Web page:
SONG OF THE HUMPBACK WHALES
© Arthur Green

Winner, 2014 Yass Show Written Bush Poetry Competition, Yass NSW.

`Twas barely just a month ago, while sailing Queensland’s coast,
we anchored in this bay that seemed more picturesque than most,
but once ashore, we came across this twitchy, wide-eyed guy,
who said his name was ‘Crazy Sam,’ and wouldn’t let us by.

“You’re taping Humpback whales, I hear, to analyze their song?
Well, I can tell you what they sing, though some folks claim I’m wrong,”
and this is what he told us, in his broad Australian drawl,
that made us think he wasn’t quite so crazy after all.

“They come from the Antarctic every year, to mate and play.
The males sing this intriguing song – about what, who can say?
But through the years, I’ve worked out what they sing about, and why,
and feel compelled to share their tale with every passer-by.

“There’s Shiska-Na-Shagumi – forty tons of Alpha male.
When faced with Shiska’s massive bulk, all other males turn tail.
And Whelak, now aged eighteen months, and just like any boy,
the apple of his mother’s eye, and Shiska’s pride and joy.

“And Mahlu, Whelak’s mother – Shiska’s mate, three years or more,
who’s due to raise the number of their pod, next year, to four.
Their song’s a living heritage, passed down through countless years.
Destroy them, and that priceless store of knowledge disappears.

“Their story spans ten thousand years, or maybe ten times that –
a homage to their ancestors – not simply whale chit-chat,
and since they haven’t things like books, to pass their tale along,
they hand it down, as Sharmans do, in verbal chants or song.”

Old Crazy paused, and gripped my arm. “Don’t go, there’s still lots more
of stuff like that I’ll share with you, next time you come ashore.
But hear me out and then I’ll stop – on that you have my word,”
and as we hesitated, Sam continued, undeterred.

“When homeward bound, until they reach Antarctica again,
their world abounds with whale-song sounds we humans can’t explain –
a beautiful but haunting song, conveyed to Shiska’s son,
to one day be, in turn, passed on, when Shiska’s time is done.

 “ 'Long, long ago,' male Humpbacks sing, 'the sea was our domain –
our refuge and safe haven, and must always so remain.
Compiled by generations past, we now, as those before,
pass on, in song, this legacy of ancient Humpback lore. '

“Like wolves,” said Sam, “the Orcas hunt all Humpbacks down in packs,
and one day zeroed in on Shiska’s pod with their attacks.
Sounds travel underwater – Orca sounds, instilling fear,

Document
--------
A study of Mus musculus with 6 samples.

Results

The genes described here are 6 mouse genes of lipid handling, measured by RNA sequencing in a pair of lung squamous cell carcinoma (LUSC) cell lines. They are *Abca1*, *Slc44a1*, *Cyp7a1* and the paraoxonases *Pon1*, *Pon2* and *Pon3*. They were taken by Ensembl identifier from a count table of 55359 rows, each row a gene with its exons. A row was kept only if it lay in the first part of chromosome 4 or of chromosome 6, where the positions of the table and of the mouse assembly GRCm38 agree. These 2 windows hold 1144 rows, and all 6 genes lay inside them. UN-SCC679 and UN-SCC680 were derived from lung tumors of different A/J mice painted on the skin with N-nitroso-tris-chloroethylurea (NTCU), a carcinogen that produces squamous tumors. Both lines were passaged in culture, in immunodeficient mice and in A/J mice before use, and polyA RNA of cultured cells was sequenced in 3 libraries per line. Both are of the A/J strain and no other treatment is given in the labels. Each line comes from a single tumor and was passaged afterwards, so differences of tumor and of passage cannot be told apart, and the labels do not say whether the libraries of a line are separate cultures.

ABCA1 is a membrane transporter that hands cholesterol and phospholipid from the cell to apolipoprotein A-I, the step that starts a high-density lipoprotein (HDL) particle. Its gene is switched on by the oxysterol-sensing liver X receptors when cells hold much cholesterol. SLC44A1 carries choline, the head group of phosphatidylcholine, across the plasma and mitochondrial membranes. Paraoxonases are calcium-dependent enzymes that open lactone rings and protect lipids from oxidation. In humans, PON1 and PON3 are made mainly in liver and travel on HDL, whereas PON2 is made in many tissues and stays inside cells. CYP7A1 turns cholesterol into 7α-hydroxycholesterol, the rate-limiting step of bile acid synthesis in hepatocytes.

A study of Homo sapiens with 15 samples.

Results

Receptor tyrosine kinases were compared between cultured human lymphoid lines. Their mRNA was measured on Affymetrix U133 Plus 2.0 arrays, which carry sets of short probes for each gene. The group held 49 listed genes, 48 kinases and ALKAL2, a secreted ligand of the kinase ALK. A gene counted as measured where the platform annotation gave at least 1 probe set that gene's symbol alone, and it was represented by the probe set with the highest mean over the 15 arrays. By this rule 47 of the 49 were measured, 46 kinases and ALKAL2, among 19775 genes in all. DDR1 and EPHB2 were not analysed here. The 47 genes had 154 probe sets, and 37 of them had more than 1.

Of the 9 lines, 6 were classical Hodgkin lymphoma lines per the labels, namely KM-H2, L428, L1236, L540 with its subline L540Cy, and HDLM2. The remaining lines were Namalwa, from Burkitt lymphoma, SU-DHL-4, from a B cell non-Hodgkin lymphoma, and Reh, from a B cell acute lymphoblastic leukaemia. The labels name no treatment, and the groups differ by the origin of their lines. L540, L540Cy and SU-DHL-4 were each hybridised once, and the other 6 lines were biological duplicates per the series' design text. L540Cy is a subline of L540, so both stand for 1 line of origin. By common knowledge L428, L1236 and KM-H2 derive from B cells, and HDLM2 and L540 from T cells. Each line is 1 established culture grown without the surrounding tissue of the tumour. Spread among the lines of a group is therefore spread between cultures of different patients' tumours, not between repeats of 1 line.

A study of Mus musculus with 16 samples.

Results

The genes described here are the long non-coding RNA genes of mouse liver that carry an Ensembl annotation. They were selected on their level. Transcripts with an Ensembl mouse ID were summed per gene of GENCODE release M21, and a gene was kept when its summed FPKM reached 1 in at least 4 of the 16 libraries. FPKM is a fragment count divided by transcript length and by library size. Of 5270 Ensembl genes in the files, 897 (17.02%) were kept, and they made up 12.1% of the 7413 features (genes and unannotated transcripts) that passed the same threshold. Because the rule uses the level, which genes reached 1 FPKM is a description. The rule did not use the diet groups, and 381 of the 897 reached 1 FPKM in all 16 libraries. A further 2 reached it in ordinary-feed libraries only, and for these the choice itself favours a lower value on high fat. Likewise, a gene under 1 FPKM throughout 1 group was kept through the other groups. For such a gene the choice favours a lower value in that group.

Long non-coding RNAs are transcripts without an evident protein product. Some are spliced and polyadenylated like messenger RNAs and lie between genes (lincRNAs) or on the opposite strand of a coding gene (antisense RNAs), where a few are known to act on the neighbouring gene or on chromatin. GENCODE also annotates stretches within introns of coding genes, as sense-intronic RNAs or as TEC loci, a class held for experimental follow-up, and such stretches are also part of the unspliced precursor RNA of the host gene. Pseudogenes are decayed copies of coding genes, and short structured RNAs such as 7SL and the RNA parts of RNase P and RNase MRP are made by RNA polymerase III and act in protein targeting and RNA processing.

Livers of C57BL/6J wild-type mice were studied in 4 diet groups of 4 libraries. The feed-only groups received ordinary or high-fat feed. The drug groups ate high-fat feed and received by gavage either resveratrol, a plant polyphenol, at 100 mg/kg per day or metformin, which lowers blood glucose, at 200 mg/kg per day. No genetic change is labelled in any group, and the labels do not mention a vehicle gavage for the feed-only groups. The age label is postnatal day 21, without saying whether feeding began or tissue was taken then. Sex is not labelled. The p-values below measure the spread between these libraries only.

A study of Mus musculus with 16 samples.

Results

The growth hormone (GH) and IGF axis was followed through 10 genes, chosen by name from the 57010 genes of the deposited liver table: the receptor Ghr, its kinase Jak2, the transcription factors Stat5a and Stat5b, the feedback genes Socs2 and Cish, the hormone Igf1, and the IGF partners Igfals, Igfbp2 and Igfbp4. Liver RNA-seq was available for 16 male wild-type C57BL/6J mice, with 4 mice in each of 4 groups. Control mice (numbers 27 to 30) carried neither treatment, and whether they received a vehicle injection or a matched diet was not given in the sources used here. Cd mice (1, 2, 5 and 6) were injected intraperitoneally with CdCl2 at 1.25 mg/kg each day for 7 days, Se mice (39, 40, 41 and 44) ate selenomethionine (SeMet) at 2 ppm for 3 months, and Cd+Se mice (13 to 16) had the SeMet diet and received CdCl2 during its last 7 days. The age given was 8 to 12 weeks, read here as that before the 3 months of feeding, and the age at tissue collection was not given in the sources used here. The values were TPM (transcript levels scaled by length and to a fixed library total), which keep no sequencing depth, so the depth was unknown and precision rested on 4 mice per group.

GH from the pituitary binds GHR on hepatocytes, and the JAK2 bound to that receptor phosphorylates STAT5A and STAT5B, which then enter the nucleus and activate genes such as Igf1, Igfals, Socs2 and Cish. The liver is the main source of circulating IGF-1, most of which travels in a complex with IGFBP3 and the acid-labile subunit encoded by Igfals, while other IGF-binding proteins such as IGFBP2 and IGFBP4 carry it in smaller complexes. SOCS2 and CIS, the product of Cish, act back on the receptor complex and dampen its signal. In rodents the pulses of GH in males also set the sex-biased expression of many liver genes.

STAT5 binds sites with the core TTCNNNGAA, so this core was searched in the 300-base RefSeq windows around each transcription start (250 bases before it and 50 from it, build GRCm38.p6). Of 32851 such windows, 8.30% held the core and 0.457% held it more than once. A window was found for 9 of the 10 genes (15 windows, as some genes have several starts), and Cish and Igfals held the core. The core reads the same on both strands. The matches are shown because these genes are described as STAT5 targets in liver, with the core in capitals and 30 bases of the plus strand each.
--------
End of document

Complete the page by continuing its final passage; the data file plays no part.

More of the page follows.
which Shiska, recognizing, scanned the ocean to their rear.

“Four upright Orca fins were closing fast with grim intent,
and Shiska-Na-Shagumi had no doubt just what that meant.
'Flee, Mahlu – flee the Orcas and take Whelak with you too.
I’ll find you, come whatever, once I’ve done what I must do.'

“Propelled by massive tail-flukes, he selects the nearest foe,
and breeching, crashes backwards on the Killer whale below.
Repeatedly, the Humpback’s body breeched and crushed and smashed,
ignoring pain inflicted as the Orcas bit and slashed.

“ `Til Shiska, badly wounded, felt his strength begin to wane,
and charged the final Orca, disregarding his own pain.
The sounds of death pursued Mahlu and Whelak as they fled,
while early twilight darkened sky and ocean overhead.

“As twilight fell, the two whales paused, exhausted by their flight,
with Mahlu growing ever more concerned at Shiska’s plight.
No song or sounds of conflict came to help her mind dispel
the fear his words  'I’ll find you,'  might be Shiska’s last farewell.

“Then gently, unbelievably, the water all around,
vibrated with the echoes of a now familiar sound.
'Long, long ago, in ancient times ...'  though faint, and wracked with pain,
the words were those the two whales feared they’d never hear again.

“And Whelak answered too, in song,  'the sea was our domain' –
the words his father’s song had helped imprint upon his brain.
And Shiska, having found them, led his small pod south once more,
as had his Humpback predecessors, centuries before.”
       
We stood impressed, despite ourselves, by Crazy Sam’s discourse,
and wondered if he had some solid proof to reinforce
this way-out claim of his, that he’d conversed with Humpback whales,
who’d then, in turn, regaled him with such fancy, far-fetched tales.

“We’re coming back tomorrow, and we’ll get this down on tape,”
we promised Crazy Sam, whose vice-like grip defied escape.
“Your story’s worth a mint, if we can only prove it’s true,
but I’m afraid, to manage that, we’ll need more facts from you.”

But Sam, our whale-song man was gone, next day when we returned.
“Old Crazy Sam’s been dead for years,” surprisingly, we learned.
“He claimed that he could talk to whales, but you know these old guys.
They always sound convincing, but their tales are mostly lies.”

The locals seemed to think our sighting Sam was not that strange,
which made us think it’s just some tourist stunt that they arrange.
And if that’s so, we’ll never know if Old Sam’s tale was true,
but I’m inclined to hope it was. Be honest ... wouldn’t you?